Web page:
We need to thank School Strike 4 Climate for being realistic by demanding the impossible.
Of course, its demands are perfectly reasonable, necessary and possible. Letting runaway global warming destroy the Earth is what should be impossible.
But our perception of what is possible is too often shaped by our experience, the media and the resistance of those that do not want change.
I am a councillor at the City of Fremantle. As a council, we have recognised that there is a climate emergency and have our own emission's reduction scheme.
But you would have noticed that, almost every week, Perth’s only daily newspaper The West Australian has been attacking local governments for daring to take a stand on global warming. Fremantle mayor Brad Pettitt has been personally attacked almost every fortnight.
The West Australian repeats the same thing to local governments that it says to students: “Keep out of it; it is not your business."
Sorry, but it is our business!
But that treatment is far from the worst of it.
Back in March, the Environmental Protection Authority suggested big oil and gas corporations operating in the state’s north-west pay the cost of 100% carbon offsets for the projects they are involved in — something that would have only cost between 1–2% of their profits.
In response, there was a vicious, sustained campaign against the proposal by the companies and The West Australian. Within a week, the corporations had met with the premier and the plan was off the table.
This gives you a sign of what we are up against. This is a serious struggle, but it is one we have to win.
I think it is a mistake to think that the people who resist change are just climate change deniers, although, of course, some of them are. They just want to push on with business-as-usual and, if runaway global warming starts to cause a collapse of the Earth’s natural systems, their thinking is: “We’ll just grab the resources for ourselves, we’ll build gated communities and we’ll distract people with fear and racism.”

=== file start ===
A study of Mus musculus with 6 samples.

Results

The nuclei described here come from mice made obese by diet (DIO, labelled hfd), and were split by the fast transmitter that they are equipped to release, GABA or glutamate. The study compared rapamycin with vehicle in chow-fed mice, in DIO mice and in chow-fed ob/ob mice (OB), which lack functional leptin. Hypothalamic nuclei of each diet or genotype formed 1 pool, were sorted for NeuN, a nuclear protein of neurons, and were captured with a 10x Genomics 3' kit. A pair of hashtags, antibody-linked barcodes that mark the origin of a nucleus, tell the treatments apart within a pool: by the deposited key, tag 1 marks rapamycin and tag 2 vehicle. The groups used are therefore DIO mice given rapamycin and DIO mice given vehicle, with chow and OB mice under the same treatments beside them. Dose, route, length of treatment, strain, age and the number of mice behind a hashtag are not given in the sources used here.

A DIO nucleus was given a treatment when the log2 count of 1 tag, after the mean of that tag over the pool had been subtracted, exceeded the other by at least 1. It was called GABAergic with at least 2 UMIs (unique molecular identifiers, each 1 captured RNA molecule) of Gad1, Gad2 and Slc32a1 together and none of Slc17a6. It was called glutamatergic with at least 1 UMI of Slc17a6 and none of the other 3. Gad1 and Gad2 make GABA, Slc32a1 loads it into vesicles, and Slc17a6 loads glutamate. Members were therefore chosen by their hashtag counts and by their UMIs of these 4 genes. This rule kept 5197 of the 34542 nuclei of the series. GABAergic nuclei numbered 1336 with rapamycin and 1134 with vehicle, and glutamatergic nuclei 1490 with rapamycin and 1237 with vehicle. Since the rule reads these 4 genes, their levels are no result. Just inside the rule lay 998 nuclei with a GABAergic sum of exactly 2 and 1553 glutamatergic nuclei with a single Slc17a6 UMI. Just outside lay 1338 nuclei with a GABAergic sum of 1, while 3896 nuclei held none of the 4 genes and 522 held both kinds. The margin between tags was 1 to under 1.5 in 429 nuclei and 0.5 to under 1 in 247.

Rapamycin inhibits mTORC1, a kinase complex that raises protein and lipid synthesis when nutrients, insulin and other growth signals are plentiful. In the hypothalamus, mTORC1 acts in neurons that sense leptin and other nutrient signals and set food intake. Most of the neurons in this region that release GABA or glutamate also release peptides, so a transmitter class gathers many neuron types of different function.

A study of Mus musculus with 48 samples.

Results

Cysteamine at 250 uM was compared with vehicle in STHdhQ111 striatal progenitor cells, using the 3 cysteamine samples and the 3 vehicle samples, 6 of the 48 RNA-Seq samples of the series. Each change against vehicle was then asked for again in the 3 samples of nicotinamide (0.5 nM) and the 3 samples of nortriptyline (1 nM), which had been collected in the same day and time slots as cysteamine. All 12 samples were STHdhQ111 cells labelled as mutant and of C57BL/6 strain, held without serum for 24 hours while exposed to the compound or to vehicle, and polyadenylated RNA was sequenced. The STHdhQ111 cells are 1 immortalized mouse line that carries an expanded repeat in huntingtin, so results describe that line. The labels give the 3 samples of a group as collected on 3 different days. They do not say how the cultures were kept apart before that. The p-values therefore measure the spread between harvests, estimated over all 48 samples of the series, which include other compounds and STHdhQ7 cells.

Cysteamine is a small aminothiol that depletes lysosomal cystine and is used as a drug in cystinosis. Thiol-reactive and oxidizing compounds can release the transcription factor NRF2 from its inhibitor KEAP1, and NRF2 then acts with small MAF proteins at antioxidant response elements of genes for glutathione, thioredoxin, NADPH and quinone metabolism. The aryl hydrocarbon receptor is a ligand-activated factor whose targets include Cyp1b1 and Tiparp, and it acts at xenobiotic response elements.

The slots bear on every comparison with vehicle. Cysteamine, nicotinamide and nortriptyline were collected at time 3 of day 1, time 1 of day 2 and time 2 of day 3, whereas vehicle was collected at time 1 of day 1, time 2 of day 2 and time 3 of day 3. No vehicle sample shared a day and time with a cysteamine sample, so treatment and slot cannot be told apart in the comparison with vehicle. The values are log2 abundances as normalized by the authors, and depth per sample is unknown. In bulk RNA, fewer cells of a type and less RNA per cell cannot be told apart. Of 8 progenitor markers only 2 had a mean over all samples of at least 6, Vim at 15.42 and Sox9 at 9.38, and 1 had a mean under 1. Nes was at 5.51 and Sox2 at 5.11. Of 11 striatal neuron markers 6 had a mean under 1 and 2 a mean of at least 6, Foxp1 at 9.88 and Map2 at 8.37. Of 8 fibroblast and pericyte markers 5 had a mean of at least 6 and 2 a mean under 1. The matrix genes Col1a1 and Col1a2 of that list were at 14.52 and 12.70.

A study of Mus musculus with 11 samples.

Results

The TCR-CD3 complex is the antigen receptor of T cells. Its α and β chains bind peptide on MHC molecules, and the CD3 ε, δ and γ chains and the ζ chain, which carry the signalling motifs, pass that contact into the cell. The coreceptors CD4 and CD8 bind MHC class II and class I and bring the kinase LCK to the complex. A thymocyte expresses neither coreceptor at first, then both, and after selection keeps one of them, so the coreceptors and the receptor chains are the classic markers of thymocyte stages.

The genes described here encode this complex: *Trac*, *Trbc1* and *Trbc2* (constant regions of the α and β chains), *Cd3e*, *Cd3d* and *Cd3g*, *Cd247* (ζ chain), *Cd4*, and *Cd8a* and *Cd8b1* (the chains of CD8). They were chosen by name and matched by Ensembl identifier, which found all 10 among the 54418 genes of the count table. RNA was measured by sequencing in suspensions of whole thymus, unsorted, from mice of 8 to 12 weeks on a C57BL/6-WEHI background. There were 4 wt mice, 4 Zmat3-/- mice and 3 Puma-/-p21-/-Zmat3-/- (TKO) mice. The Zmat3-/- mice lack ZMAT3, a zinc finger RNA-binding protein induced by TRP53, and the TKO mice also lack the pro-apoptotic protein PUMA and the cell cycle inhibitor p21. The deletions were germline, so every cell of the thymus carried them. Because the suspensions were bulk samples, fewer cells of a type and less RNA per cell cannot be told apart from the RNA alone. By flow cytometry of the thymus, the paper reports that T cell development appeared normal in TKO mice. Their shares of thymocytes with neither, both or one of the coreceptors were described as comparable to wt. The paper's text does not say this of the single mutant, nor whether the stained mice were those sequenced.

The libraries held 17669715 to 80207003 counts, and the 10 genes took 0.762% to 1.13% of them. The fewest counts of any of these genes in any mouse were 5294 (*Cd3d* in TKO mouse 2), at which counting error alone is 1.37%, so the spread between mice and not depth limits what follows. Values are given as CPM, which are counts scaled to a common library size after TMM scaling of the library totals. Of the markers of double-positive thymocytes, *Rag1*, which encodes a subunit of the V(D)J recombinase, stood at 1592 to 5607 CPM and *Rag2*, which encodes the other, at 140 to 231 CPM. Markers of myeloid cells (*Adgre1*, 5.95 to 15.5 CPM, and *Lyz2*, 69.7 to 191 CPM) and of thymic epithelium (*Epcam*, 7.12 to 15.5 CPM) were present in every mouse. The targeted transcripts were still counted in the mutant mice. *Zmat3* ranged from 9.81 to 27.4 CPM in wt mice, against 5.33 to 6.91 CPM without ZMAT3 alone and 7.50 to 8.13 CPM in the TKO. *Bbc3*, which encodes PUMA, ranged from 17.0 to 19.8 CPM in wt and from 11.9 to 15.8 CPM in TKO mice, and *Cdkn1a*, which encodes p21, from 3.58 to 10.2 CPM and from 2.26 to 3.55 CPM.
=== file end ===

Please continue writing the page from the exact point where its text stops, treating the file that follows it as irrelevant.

After all, they do that already, so why would they not do that.
But there is something worse than climate change denial. There are people who know it is real but their response to climate change is fascism and war. This is not far-fetched when you look at people like United States President Donald Trump and Brazilian President Jair Bolsanaro.
I do not say this to make people depressed, but we need to be realistic: that is the alternative to not acting on climate change.
That is why it is so vital.
But you know, that week when the premier trundled down St Georges Terrace and got his instructions from Chevron, Woodside and Shell, the very next day, flooding up St Georges Terrace in the opposite direction, was a School Strike 4 Climate march.
That is the spirit of change that is going to win.
I agree with Australian scientist Tim Flannery when he says the movements that we are starting to see emerge — School Strike 4 Climate and Extinction Rebellion among others — are just the beginnings of a huge social movement that has the potential to change society.
But it is not going to happen automatically.
It is not inevitable that runaway global warming is going to destroy the basis of life on Earth, but it is also not inevitable that we are going to stop it.
To stop it, we need a peoples’ movement. We need a mass movement for change.
That means all of us who are not students need to take the enthusiasm, optimism, courage and determination of School Strike 4 Climate and transmit it to the rest of the community, so that this becomes something as epic as the civil rights movement of the 1950s and ’60s.
That is what it is going to take. It is going to be the fight of our lives.
What I say to you is this: Do not give up your planet without a fight.
We have a world to win.
[This text is based on a speech given by Sam Wainwright, who is also a WA co-convenor of the Socialist Alliance, at the Perth Climate Strike on September 20.]